A Savings-Led Alternative to Financial Institution Building

The cost of reaching the rural poor with microfinance can be prohibitive for microfinance institutions (MFIs), credit unions, and banks. But small, savings-led, often informal Member-Owned Financial Institutions (MFIs) have shown promise in reaching clients living in areas with poor infrastructure, low population density, and low levels of economic activity, especially in Africa and Asia.

For the entrepreneurial poor and people in densely populated areas, a good part of the unmet demand for financial services can be met by simply extending the reach of microfinance institutions, banks, and credit unions. Technological advances and two decades of on-the-ground experience show that this market can be reached efficiently and even profitably by well-managed financial institutions.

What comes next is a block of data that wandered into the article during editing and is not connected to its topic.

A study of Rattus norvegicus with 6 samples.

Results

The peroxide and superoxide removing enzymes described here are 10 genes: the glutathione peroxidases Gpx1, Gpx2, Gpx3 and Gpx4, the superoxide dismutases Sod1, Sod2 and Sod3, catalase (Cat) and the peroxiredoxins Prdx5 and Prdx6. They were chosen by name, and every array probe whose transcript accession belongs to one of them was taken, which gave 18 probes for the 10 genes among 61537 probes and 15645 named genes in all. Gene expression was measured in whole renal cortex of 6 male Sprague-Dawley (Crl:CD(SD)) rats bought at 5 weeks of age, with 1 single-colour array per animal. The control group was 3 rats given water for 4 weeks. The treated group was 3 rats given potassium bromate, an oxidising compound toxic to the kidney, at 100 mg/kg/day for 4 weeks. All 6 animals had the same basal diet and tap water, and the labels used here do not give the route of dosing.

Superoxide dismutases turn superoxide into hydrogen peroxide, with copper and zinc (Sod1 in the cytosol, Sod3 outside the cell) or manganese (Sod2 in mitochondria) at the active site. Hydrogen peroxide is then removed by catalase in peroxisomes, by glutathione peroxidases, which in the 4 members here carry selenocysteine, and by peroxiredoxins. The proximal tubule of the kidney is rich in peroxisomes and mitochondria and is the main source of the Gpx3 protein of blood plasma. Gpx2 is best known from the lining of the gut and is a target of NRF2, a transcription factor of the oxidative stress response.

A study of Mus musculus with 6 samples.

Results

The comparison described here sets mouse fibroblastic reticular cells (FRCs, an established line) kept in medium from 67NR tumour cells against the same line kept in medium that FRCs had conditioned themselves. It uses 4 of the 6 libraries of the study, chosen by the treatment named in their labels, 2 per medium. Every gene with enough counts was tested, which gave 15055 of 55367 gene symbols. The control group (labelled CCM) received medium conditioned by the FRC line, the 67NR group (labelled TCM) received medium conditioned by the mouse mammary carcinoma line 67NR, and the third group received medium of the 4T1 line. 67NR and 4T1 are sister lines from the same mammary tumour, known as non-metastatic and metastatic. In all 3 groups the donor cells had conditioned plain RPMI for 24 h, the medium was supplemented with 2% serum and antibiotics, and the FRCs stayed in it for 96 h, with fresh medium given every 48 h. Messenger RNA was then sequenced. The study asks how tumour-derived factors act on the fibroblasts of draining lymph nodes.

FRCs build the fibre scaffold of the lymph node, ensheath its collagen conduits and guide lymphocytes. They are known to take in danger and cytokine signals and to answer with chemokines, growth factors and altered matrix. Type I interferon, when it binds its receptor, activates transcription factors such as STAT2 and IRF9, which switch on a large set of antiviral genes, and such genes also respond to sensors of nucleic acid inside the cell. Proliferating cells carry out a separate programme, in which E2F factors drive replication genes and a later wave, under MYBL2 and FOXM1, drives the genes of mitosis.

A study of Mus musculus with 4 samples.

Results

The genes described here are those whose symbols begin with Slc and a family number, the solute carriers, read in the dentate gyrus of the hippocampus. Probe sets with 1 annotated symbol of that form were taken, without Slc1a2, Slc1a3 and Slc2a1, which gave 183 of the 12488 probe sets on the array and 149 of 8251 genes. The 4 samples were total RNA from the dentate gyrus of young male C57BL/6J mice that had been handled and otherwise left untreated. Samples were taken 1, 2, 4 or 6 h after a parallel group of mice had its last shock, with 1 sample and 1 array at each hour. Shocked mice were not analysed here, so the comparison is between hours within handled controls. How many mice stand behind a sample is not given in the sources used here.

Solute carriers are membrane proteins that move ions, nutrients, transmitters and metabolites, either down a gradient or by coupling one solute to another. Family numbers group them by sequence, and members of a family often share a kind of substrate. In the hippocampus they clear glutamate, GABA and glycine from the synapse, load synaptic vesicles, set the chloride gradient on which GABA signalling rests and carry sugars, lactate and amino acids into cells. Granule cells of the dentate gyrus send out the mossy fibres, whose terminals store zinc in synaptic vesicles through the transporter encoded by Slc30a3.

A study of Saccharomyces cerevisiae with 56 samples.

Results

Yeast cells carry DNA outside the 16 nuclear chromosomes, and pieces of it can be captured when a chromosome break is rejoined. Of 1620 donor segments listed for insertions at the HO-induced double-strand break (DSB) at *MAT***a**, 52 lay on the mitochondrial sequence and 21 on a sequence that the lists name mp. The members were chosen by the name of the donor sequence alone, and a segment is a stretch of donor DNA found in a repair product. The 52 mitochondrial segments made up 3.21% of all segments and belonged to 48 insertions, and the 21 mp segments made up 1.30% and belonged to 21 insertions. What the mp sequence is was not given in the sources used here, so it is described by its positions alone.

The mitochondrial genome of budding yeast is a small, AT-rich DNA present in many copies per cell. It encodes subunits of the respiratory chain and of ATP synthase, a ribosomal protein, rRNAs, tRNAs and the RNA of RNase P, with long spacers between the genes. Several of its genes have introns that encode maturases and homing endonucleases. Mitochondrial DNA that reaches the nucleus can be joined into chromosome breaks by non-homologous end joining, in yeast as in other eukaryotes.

An entirely different approach is called for to reach the much larger number of people whose savings and borrowing capacity is on the order of tens rather than hundreds of dollars, who often need a safe place to save rather than take on debt, and who live far from towns and cities. The key is to train many thousands of small groups to deliver basic savings and lending services by building on what villagers already understand—their tontines, susus, chit funds, money-go-rounds, and tandas.

These “modernized ROSCAs” (revolving savings and credit associations) add lending at interest and simple record keeping to traditional systems, with interest from loans building the group fund. Since savings are pooled rather than given to members in turn, several group members can take out a loan at the same time; clients see this as a major advantage. Adjusting savings to the highly variable cash flow in villages adds flexibility to the model, and charging an interest rate of between 2 and 10 percent per month quickly builds the group’s fund along with the trust that ensures compliance in their ROSCA and creates demand for a high level of accountability. After all, it is their own money that they are managing. Villagers quickly grasp the idea that it is better to pay interest to themselves and reap the benefits than to pay an external credit provider, be it a money lender, a bank, or an MFI.